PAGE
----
June 10, – Judy Garland:
“I was born at the age of 12 on an MGM lot.”
The above quote wasn’t far removed from reality. Her real name, Frances Ethel Gumm, was dropped when she was 12 years old, along with her childhood.
When she was six-years-old, Frances and her older sisters Mary Jane and Dorothy Virginia Gumm performed at their father’s movie theatre in Grand Rapids, Michigan.
The Gumm family moved to Lancaster, California, in 1926, following rumors that her father had made sexual advances towards young male ushers at the movie house. Her father purchased and operated another theater in Lancaster, and her mother began working to get her girls into motion pictures.
They made their film debut in a 1929 short The Big Revue. Their final onscreen appearance was in 1935, in an MGM Technicolor short titled La Fiesta de Santa Barbara.
The Gumm Sisters toured the country in Vaudeville, where performer George Jessel‘s suggestion that they choose a more appealing name than “Gumm” was met with laughter from the audience, and their act was once erroneously billed at a Chicago theater as “The Glum Sisters”.
Garland’s daughter Lorna Luft stated that her mother selected the name Garland when Jessel announced that the trio “looked prettier than a garland of flowers”.
By late 1934, The Gumm Sisters had changed their name to the Garland Sisters. Frances changed her name to “Judy” inspired by a popular Hoagy Carmichael song. In 1935, Louis B. Mayer brought Garland in for an impromptu audition at MGM Studios in Culver City. She was signed to a contract on the spot, presumably without a screen test.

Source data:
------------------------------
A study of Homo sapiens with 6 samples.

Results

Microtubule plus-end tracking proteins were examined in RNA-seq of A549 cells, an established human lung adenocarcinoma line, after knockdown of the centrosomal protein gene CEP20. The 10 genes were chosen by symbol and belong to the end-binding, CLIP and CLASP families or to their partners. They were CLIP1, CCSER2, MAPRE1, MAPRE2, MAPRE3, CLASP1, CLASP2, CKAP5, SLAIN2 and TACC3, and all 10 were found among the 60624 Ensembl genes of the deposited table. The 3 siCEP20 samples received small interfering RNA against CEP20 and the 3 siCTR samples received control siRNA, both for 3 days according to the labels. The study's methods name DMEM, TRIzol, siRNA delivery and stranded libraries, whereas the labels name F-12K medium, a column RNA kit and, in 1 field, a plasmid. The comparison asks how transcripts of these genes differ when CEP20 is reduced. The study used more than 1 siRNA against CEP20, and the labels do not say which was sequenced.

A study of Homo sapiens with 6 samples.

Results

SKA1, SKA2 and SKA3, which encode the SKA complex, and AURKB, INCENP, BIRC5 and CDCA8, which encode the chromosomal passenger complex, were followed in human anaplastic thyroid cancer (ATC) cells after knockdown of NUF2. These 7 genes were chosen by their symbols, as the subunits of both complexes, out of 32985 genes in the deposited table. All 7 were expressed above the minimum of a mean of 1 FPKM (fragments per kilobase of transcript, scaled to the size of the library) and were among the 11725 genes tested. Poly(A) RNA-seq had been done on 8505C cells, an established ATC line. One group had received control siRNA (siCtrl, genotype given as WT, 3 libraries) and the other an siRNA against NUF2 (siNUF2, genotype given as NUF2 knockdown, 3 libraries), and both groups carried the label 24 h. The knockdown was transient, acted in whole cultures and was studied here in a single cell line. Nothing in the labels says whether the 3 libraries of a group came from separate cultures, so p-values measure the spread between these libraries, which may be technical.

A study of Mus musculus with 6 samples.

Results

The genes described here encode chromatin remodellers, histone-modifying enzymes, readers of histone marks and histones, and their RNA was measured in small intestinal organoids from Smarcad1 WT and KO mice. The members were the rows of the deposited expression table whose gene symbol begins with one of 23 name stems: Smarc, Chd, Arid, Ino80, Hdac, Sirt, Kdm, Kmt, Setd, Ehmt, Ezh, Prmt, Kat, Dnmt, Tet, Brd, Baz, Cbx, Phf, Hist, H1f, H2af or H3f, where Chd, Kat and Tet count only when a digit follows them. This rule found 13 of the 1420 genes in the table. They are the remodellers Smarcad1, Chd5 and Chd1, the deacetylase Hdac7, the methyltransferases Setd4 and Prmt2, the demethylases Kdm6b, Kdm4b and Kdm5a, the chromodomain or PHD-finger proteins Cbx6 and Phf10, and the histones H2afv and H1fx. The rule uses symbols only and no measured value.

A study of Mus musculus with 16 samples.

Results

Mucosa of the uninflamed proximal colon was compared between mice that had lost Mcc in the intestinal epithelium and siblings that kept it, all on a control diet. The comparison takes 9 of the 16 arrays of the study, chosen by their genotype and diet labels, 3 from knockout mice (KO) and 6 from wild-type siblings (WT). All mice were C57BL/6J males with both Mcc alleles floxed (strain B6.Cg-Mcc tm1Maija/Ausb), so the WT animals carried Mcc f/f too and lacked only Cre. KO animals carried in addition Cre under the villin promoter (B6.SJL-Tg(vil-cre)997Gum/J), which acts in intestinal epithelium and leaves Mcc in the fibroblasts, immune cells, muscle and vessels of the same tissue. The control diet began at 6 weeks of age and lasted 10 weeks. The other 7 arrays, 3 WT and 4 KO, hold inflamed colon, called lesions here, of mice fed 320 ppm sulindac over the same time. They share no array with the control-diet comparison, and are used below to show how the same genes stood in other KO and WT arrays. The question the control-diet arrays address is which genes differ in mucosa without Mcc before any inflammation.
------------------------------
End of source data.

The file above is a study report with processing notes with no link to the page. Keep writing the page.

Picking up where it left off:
Her appearance was a dilemma for MGM. She was only five feet tall, and her girl-next-door looks didn’t fit the glamorous image required of leading ladies of the era. She was self-conscious and awkward. Her insecurity was made worse by Mayer, who referred to her as his “little hunchback”.
Garland went to school on the MGM lot with the beautiful Ava Gardner, Lana Turner and Elizabeth Taylor. Unlike those glamorous girls, Garland was dressed and photographed in juvenile costumes to match the image created for her. They made her wear caps on her teeth and discs to reshape her nose.
She was cast opposite fellow unknown Deanna Durbin in the musical short film Every Sunday (1936). The film contrasted her vocal range and swing style with Durbin’s operatic soprano and served as a sort of screen test for both young performers. Mayer decided to keep both.
Garland sang a special arrangement of You Made Me Love You (I Didn’t Want to Do It) to MGM’s top star Clark Gable at his birthday party at the studio. The studio execs flipped for her performance and she performed the song in the all-star movie Broadway Melody Of 1938 where she sang to a photograph of Gable.
MGM paired Garland with popular Mickey Rooney in the fourth of the Hardy Family film series Love Finds Andy Hardy (1938) as a literal girl-next-door to Rooney’s character Andy Hardy, although Hardy’s love interest was played by Lana Turner. Garland and Rooney teamed as lead characters for the first time in Babes In Arms (1939).
Garland, Rooney, and the other young performers were prescribed amphetamines to help them stay awake and keep up with the frantic pace of making one film after another. They were then given barbiturates, so they could sleep. The drugs led to a lifelong struggle with addiction for Garland.
Garland was the right weight for her age, but the studio demanded she diet constantly. She lived with self-doubt throughout her life, despite the successful films and recordings, concerts, awards, critical praise, and love from her fans. Poor Garland needed constant reassurance she was talented and attractive. She resented the hectic schedule at MGM and she felt that the studio stole her youth.
Rooney denied MGM was responsible for her addiction:
“Judy Garland was never given any drugs by Metro-Goldwyn-Mayer. Mr. Mayer didn’t sanction anything for Judy. No one on that lot was responsible for Judy Garland’s death. Unfortunately, Judy chose that path.“
Garland would have turned 98 years old today, hopefully she is finally over her childhood.